In a housing market that few consider anything but wretched, a few players are making a fortune playing Builder Bingo.
If you made a down payment of $40,000 on a new house on Jan. 1, you probably haven't made a dime on your real estate investment.
But if you bought $40,000 worth of stock from the very same builders, you'd have hit the jackpot.
I'll pass on the property; just give me the paper.
Check out two builders active in the Tampa Bay area. A $40,000 investment in
M/I Homes stock at the start of the year would have been worth about $63,000 on Thursday. A similar Jan. 1 investment in Beazer Homes stock would have swollen to $57,000 four months later.
Pulte stock is up a frothy 27 percent since Jan. 1. Ryland's stock has risen a market-beating 13 percent.
Something's not quite right with this picture. In the business quarter that ended March 31, Tampa area builders reported new-home closings were off 47 percent from a year earlier. Good deals abound, thanks to all the price cuts, but that's not helping builder profits.
Last week, Centex Homes reported it lost $910-million in the first three months of 2008. That followed a loss of more than $2-billion in 2007. Its stock rose 7 percent on the news, of course.
It seems like Wall Street is throwing ticker tape parades for a bunch of losing teams.
Why are stocks of these bruised builders kicking derriere? Some suggest housing pessimism has driven stocks too low and the stock market is making belated amends. Others say the rise suggests the worst is over and a recovery is within sight.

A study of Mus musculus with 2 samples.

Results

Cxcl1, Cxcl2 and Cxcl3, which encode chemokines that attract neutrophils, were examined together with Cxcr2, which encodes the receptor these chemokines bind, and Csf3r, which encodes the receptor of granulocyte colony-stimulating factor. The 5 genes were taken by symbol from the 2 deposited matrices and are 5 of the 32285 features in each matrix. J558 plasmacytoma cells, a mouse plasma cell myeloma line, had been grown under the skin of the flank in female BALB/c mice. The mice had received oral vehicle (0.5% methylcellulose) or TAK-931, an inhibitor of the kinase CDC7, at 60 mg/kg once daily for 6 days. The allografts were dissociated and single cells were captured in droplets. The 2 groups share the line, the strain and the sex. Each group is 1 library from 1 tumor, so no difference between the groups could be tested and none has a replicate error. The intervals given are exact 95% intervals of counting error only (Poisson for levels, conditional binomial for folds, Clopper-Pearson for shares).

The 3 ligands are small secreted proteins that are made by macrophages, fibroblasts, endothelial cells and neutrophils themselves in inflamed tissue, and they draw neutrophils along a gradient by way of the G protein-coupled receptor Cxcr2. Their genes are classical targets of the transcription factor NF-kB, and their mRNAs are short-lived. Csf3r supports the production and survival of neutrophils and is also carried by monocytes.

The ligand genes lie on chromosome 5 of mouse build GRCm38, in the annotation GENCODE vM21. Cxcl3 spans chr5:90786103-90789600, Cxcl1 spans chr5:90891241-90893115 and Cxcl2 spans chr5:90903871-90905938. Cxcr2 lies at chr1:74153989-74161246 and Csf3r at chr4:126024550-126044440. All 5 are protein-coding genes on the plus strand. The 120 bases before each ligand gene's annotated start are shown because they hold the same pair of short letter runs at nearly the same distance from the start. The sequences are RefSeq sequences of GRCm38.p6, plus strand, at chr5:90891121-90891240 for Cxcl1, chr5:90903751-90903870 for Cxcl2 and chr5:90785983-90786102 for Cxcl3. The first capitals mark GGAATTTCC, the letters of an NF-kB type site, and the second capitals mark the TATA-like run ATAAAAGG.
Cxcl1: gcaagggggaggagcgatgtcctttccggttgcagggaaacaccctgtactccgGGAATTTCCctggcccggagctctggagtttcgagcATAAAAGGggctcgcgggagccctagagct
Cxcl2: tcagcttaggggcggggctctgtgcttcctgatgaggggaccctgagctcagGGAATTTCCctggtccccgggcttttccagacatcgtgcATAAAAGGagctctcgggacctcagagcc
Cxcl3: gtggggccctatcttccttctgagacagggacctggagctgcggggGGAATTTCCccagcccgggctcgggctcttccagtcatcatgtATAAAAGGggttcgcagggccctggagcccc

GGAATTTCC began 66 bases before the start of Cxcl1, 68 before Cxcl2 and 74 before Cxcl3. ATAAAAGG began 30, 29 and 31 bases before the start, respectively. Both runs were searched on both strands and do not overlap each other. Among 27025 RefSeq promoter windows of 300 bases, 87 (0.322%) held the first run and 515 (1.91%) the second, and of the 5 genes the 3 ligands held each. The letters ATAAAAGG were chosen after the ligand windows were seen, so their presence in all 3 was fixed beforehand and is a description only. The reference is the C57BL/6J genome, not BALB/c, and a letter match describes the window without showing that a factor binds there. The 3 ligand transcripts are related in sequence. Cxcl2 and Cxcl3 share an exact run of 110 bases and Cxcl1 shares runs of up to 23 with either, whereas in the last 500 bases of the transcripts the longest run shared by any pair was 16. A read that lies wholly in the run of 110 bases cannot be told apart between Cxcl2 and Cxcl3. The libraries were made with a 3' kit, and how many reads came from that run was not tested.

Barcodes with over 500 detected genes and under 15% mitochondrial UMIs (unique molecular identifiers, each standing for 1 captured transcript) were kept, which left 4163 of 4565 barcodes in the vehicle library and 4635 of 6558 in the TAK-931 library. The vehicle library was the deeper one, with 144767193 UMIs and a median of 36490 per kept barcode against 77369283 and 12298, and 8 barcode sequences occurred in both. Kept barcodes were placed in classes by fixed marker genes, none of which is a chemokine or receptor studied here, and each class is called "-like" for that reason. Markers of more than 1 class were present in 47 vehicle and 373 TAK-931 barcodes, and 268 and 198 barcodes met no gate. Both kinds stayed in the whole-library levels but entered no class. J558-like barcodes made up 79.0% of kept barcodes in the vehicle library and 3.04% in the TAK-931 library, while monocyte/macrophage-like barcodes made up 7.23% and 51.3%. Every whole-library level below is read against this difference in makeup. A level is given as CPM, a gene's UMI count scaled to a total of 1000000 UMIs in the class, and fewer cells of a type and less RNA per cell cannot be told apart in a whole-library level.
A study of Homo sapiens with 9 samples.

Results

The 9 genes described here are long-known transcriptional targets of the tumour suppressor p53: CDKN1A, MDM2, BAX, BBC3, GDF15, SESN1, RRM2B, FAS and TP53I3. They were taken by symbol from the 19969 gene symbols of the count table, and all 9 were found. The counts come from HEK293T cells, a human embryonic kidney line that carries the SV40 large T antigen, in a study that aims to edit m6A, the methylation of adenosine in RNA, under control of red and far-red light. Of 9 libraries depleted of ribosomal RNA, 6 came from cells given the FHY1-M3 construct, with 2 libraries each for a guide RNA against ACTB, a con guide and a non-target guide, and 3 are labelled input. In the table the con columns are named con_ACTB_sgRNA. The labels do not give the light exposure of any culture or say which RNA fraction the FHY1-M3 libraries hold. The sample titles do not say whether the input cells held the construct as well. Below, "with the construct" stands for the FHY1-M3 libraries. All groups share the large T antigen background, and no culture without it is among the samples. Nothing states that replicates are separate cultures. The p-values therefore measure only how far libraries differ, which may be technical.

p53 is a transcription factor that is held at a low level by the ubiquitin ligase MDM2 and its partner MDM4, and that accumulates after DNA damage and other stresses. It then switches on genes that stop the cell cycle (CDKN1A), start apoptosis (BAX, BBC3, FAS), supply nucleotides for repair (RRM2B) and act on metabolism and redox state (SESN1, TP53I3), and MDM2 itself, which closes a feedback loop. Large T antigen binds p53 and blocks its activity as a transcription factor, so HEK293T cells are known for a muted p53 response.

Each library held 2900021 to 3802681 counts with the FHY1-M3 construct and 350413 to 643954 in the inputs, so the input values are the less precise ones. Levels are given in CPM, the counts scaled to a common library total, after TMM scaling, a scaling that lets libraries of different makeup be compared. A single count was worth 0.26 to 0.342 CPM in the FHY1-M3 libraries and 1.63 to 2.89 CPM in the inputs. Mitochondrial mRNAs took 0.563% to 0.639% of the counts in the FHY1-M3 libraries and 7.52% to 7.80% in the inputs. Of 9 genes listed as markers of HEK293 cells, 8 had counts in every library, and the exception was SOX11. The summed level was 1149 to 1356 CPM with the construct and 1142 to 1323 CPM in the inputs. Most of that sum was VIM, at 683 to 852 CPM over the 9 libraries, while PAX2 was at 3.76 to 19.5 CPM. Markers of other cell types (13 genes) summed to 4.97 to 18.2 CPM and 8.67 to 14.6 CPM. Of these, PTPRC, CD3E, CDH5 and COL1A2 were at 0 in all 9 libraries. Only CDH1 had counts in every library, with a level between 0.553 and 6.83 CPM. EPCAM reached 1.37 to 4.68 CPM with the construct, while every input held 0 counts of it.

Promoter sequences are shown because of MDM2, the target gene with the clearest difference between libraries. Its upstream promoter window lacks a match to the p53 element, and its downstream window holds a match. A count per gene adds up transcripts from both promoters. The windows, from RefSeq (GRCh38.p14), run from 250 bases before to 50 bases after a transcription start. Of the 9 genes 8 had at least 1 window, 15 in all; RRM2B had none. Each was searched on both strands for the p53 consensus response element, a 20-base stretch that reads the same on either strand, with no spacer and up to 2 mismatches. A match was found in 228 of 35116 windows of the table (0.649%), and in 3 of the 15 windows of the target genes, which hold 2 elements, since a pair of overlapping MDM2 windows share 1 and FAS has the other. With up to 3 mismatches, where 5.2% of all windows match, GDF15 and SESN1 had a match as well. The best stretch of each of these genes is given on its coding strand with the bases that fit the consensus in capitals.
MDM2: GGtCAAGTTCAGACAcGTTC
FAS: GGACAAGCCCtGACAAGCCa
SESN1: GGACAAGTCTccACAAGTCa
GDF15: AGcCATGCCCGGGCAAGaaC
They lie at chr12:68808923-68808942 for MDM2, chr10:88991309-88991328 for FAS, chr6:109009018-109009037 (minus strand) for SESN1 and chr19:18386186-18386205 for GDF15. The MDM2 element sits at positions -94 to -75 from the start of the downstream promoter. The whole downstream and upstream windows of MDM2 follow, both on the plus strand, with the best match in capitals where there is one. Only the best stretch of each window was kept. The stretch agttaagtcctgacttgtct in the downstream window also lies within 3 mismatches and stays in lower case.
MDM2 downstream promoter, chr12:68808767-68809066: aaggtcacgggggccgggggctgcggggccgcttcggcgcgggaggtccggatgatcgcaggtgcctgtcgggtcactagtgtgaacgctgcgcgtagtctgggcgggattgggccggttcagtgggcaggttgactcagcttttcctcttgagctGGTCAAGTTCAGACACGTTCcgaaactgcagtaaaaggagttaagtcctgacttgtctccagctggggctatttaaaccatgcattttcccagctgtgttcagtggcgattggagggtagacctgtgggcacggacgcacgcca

Or maybe it's temporary insanity: Stock traders are just feeding off the froth and will soon seek sustenance elsewhere.
Metrostudy, a consultant for the housing industry, sees the Tampa new-home market stabilizing in 2009. Strong immigration and family formation suggest the future is secure for builders that survive the downturn. Though it's not the only destination, Florida remains a prospective favorite with baby boomer retirees looking to grow wrinkly in the sun.
But it's hard to believe the path to riches this year lies in squirreling away home builder stocks. Could it all be an overreaction based on a misreading of the market? Naaahhh! That's never happened in real estate before.